ACT believes strongly in the rationale behind Truth in Testing requirements. We are committed to safeguarding the rights of individuals participating in our testing programs, and we comply with those requirements as prescribed.

With the new July test date this year, the ACT is now offered on seven national test dates each year. Unfortunately, ACT is unable to offer all test dates to students in New York and now California because their “Truth in Testing” laws would require us to release another test form each year beyond those that we already release, and that is cost-prohibitive for us.

New York’s “Truth in Testing” law requires most testing agencies to disclose test forms for at least two-thirds of the test takers in the state each year. ACT is already releasing three test forms annually in New York. Releasing a fourth form would add significant development costs which would need to be passed on to consumers—something we are opposed to doing. That’s why we don’t offer the February ACT test date in New York test centers. ACT will forgo the administration of the July test in New York for the same reasons.

Consistent with similar modifications already in place in the current statute, ACT proposes changing the current required proportion of disclosed test content in New York from two-thirds of test takers to three test forms. This would keep within the spirit of the law, level the playing field among business competitors, and allow ACT to offer all test dates to all New York students.

California requires that a testing company release 50 percent of the tests it administers. The statute specifically requires that, if that number includes fractions of a test, the number be rounded up; so, administering six tests would require releasing three of them, but administering seven tests would require releasing four. ACT is forgoing its July test date in California so that we may comply with those requirements. We would like to provide the July test in California so that students there who wish to take it may do so, so we will be seeking a modification that would eliminate any “rounding up” of forms. This is an easy fix that would allow ACT to provide all seven tests in California, still comply with the release requirements, and serve more students who are seeking expanded test dates.

While some may want to characterize these attempts as a way for ACT to “weaken” or subvert current law, nothing could be further from the truth.

So: Are we making efforts in New York and California to provide more access to students? Yes, we definitely are. We have not hidden these attempts. We want to change these statutes so that we can support students with greater access to the test while still complying with the law and making transparency and equity a reality in testing.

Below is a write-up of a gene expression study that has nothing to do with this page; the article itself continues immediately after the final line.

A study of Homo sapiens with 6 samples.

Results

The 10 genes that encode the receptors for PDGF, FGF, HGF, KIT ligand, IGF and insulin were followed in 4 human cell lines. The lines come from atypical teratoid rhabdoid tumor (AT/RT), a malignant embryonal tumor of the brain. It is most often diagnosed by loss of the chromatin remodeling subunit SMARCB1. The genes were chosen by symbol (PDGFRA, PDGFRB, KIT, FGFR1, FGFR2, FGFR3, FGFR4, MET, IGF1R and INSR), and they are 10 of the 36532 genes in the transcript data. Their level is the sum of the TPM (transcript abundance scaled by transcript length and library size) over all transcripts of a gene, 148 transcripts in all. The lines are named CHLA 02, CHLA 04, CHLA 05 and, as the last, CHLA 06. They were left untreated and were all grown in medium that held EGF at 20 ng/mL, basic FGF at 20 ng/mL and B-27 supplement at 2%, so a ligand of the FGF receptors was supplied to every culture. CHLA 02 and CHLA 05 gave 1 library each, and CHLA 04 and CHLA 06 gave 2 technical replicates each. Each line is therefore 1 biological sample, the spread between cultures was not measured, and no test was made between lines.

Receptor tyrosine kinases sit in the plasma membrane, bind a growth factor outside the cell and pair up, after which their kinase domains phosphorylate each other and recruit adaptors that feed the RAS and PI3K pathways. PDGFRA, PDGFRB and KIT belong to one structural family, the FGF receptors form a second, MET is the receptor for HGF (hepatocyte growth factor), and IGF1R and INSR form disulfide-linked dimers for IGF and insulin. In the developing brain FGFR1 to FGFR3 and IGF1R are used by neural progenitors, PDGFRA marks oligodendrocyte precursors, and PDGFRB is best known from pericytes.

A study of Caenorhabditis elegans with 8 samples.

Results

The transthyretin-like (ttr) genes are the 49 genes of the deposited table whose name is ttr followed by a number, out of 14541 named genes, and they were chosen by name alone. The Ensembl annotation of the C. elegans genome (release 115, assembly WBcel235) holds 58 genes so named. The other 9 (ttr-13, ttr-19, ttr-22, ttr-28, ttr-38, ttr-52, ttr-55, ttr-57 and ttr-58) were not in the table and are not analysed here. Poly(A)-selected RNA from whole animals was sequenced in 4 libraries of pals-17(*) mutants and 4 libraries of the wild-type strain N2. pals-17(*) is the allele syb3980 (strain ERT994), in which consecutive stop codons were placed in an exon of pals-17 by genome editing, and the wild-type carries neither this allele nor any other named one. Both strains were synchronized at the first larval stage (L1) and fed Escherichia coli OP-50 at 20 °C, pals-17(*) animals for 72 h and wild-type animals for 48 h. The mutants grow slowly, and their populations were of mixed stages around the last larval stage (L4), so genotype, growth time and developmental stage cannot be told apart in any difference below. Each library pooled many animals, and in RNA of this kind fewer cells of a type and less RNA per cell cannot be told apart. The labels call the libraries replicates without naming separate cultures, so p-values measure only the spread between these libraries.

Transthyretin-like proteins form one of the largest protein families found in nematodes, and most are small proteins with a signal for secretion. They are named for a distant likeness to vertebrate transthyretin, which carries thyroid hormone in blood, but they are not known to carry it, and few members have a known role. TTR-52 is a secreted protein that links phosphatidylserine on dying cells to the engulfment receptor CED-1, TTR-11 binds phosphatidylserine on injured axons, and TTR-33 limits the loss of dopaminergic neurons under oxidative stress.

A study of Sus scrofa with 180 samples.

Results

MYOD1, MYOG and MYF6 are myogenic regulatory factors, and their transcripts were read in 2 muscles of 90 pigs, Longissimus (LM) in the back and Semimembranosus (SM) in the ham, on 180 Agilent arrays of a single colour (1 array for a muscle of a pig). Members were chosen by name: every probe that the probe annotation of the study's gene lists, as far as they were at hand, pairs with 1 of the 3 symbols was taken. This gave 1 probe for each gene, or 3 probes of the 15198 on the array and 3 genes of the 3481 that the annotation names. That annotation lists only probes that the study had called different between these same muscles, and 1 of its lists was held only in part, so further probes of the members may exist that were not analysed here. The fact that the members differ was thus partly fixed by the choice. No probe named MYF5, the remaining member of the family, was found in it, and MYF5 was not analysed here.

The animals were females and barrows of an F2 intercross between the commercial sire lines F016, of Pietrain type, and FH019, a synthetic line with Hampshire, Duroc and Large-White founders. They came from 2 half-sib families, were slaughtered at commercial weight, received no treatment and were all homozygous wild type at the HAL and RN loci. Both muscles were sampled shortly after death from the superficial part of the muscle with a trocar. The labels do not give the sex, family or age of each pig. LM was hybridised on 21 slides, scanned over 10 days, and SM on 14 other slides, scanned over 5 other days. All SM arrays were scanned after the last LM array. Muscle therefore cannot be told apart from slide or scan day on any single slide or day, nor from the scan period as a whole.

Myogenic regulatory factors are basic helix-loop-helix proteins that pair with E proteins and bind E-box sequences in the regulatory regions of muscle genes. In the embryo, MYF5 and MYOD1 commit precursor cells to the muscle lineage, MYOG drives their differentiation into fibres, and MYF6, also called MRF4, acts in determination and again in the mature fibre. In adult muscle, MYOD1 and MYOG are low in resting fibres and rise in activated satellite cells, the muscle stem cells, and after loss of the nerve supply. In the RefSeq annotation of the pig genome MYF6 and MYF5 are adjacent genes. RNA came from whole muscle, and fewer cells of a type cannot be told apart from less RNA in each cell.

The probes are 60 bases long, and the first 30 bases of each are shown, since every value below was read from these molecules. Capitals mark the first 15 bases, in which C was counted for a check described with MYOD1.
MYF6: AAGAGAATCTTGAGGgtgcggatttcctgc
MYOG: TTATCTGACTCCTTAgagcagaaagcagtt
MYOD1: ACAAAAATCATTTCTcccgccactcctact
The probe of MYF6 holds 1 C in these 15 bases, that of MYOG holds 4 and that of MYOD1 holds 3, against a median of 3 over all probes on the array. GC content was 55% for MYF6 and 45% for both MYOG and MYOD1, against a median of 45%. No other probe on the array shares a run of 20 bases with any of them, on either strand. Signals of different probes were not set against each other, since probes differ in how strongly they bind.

We believe these are antiquated reporting requirements. Many of these laws date back to the late 1970s and early 1980s; they served a purpose in providing access to tests when technology didn’t easily allow it. But, today, ACT provides test forms to students, educators, test prep providers and the general public in multiple ways:

  • One form available for free on ACT.org; 
  • Three forms available through The Official ACT Prep Guide (for purchase); 
  • Three forms (including 1 shorter but still representative form) available through ACT Online Prep (for purchase); and 
  • Three forms available through the Test Information Release (TIR) service that Saturday test takers can purchase after taking the test.
Those released test forms provide significant and ample exposure to the type of questions and the form of the overall assessment for all to see.

One final note: Even complying with these laws is cumbersome. ACT experienced great difficulty with the California law because no state agency with education jurisdiction (including the Department of Education) would accept our delivery of forms last year because they didn’t think they had compliance responsibilities. That’s how important the California law is. After a great deal of due diligence we were able to find some obscure department inside an agency (Finance) that agreed to take our box of forms.

Our desire is that students be able to test when it fits their schedule. Making these necessary tweaks in the law isn’t subverting or weakening anything. These changes allow for greater access to our assessments while at the same time complying with state regulations. It’s really that simple.